The word is out. Just about every day, a new article appears celebrating the positive effects of mindfulness and meditation.
"I’ll admit I’m a skeptic."
Meanwhile, though, she pointed to a new study, not the first, which suggests that 8 weeks of meditation can produce important physical improvements in the brain that lead to more well-being in life!
The Harvard research suggests that individuals who meditated for about 30 minutes a day for eight weeks had measurable changes in gray-matter density in the gray matter of the hippocampus (associated with increased learning and memory) and importantly, a reduction of gray matter in the amygdala, that chunk of the brain associated with anxiety and stress! The control group showed no such changes.
The fact that only eight weeks of meditation produced brain changes that could be detected by MRI imaging is remarkable. What does this suggest for individuals who, like the husband of the The New York Times writer, are committed to trying to make mindfulness meditation part of their regular practice? Quite ironically, as I am writing this post, I hear my own husband upstairs. He just started chanting the "om" that signals the start of his own meditation. He's been meditating for almost four years now. He started during a time of great stress; he came home one day and I had set up a small meditation space for him in the bedroom, a quilt on the floor, a small table and a candle. (Later he got rid of the table, and we bought him a fancy round pillow.)
To all those people who are contemplating trying meditation, I say, go for it. Don't start by trying for half an hour though. To start, set a timer for say, five or eight minutes max.
Perhaps the best way to start is to take a class; it helps to have regular instruction and the support of a trained teacher and a group of people around you.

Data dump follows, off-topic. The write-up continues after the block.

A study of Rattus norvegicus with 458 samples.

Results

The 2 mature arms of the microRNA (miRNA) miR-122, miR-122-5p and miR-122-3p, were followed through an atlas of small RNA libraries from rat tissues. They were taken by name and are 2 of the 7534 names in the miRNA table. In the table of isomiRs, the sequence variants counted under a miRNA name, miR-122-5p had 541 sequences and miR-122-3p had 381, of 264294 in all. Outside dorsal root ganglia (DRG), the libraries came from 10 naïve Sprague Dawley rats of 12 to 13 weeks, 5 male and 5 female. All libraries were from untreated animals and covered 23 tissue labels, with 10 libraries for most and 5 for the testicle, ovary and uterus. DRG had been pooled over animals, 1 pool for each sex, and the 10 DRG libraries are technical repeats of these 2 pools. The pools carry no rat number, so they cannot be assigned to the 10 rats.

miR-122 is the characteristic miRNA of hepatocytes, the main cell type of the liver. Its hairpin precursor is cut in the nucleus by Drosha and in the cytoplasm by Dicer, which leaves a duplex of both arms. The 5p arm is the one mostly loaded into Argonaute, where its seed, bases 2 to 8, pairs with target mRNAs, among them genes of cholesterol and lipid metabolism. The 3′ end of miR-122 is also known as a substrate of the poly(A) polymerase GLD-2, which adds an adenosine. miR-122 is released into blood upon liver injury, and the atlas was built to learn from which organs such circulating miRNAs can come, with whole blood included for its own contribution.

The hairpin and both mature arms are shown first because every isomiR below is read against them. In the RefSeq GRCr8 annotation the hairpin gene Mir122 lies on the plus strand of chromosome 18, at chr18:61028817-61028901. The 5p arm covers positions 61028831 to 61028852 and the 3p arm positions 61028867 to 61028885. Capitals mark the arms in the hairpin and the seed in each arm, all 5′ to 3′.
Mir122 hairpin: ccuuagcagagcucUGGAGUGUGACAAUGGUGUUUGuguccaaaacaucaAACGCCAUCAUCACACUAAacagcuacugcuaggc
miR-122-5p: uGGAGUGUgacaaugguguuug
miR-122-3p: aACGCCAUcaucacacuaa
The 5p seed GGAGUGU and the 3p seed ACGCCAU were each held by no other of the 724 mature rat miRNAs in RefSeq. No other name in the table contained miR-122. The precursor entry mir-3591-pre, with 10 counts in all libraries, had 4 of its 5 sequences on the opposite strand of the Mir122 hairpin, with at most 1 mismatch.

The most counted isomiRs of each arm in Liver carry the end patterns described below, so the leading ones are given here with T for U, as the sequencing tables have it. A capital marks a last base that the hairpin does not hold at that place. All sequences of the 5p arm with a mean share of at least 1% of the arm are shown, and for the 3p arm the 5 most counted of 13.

All through the day when life throws its wrenches my way, I stop and take in a long slow breath and say, OK, just let it go. Just stay focused. Just realize that "this too shall pass" (one of my Mom's favorite quotes!) I really think that the meditation practice I started in 1996 has made me see life in a different way. It's made me happier, and it's showed me how to find joy even in the weirdest small moments when you wouldn't otherwise expect to find joy!
I tell myself, "it is what it is. It will be what it will be." I get nervous looking at that block of ice, now approaching two feet in thickness on the porch roof. I start to worry that it might bust up the roof. I breathe. I say. Whatever it will be (I also take the roof rake to it!)
Yesterday I was trying to cross the backyard to bring the compost outdoors. I wasn't even trying for the spot we've got set aside back behind the garage. Much too far, and way too much snow. No, I had decided to go just to the edge of the yard beyond the old apple tree.
It was so exhausting, sinking deep into drifts with each step. Finally, half-way to my goal, I collapsed, and just sat there, me and the compost container, sunk in the snow. I started to laugh. I found this bizarre situation comical. Instead of being annoyed and angry about being trapped by snow, I said to myself, hey, might as well accept it. It's just...snow. It will eventually go away and spring will come and all those hundreds of tulip and daffodil bulbs will come poking up out of the lawn.
Well, so, mindfulness, like life, isn't perfect. It doesn't always work. I still curse and get frustrated and angry. But I can pull myself back from the brink. I can think myself out of dark corners. I can live with what happens. I am way more forgiving of myself and others, and unfortunate (and worse) circumstances.